The Knee, ISSN: 1873-5800, Vol: 18, Issue: 4, Page: 252-3

Investigating meniscal symptoms in patients with knee osteoarthritis—Is MRI an unnecessary investigation?

M. A. Kemp; K. Lang; J. L. Williams; M. Dahill
Knee
The aim of this study was to evaluate the relationship between radiographic knee osteoarthritis and the presence of a relevant meniscal tear detected on MRI in symptomatic patients over the age of 60.
Seventy seven patients over the age of 60 who had been investigated with a knee MRI over a 1-year period were identified. Sixty patients had a full set of data available for analysis. Their plain radiographs were blindly graded for osteoarthritis using the Kellgren–Lawrence (K–L) scale. The indications for the MRI were subdivided into: meniscal symptoms, general knee pain and “other”. These indications were correlated with the K–L grade and result of the MRI.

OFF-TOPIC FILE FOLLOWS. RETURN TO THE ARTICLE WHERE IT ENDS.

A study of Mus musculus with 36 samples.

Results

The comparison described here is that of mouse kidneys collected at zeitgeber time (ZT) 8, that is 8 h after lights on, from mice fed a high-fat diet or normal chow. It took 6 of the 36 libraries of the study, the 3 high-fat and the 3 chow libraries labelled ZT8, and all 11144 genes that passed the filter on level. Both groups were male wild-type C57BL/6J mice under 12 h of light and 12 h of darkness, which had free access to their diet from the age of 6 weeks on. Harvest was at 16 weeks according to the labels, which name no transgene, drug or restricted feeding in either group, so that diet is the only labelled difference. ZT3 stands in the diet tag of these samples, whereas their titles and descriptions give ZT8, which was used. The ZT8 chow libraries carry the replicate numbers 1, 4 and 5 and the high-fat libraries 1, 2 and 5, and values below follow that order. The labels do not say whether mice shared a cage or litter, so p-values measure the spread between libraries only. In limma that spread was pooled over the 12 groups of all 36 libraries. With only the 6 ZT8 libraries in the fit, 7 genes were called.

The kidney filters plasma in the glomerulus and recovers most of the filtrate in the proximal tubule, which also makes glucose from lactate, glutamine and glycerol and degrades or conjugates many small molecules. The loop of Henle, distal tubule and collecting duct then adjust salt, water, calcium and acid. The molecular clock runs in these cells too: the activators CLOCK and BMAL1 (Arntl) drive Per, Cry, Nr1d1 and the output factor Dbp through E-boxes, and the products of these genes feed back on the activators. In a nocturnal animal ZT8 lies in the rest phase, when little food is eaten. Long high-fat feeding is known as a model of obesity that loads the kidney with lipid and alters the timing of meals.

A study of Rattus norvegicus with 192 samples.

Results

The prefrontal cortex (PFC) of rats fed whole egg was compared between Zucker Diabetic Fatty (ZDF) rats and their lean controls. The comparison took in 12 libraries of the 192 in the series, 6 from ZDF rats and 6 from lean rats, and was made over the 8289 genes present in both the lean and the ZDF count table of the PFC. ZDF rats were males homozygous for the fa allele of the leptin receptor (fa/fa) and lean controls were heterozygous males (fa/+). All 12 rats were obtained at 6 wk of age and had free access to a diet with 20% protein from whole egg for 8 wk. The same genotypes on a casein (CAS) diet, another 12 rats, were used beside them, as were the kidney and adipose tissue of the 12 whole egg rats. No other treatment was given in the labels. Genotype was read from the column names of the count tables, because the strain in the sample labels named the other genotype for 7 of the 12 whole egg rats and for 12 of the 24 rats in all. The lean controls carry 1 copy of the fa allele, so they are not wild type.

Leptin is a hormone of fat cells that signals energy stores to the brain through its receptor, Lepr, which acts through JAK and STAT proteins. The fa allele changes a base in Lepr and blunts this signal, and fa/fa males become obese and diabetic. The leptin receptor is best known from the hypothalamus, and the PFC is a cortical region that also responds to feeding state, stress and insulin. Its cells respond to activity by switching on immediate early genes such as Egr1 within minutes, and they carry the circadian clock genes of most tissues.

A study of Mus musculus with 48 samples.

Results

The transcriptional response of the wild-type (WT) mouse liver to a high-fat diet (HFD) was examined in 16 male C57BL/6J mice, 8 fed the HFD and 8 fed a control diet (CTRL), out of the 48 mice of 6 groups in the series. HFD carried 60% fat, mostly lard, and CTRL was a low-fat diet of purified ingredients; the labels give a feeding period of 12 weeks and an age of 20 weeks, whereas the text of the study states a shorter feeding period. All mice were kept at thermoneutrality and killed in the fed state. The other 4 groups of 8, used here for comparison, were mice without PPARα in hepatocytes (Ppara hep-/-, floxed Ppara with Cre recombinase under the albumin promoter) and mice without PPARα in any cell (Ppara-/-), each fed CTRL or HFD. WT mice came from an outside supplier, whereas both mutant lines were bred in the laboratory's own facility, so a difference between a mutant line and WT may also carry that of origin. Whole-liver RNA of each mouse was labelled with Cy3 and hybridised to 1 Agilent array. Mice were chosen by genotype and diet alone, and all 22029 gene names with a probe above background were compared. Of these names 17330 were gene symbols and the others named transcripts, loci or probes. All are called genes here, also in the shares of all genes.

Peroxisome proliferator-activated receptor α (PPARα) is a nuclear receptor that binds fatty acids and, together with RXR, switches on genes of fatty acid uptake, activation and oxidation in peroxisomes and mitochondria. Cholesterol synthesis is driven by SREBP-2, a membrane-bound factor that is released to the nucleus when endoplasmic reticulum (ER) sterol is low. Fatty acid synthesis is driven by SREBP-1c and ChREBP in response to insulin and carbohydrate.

Overall, 40% of patients with a K–L grade of 0 had a meniscal tear compared to 89% of patients with a K–L score of 3, and 88% with a K–L score of 4. The indications for an MRI were grouped into meniscal symptoms (49), general pain (6) and other (5). In the group investigated for meniscal symptoms, the incidence of meniscal tears was 92% and 100% with a K–L grade of 3 and 4 respectively. This equated to a positive predictive value of 93% for K–L grade 3 and above, and 100% for K–L grade 4 alone.
Given the predictability of the MRI findings in patients with significant osteoarthritis as well as meniscal symptoms, we conclude that this is an unnecessary investigation when used for this indication.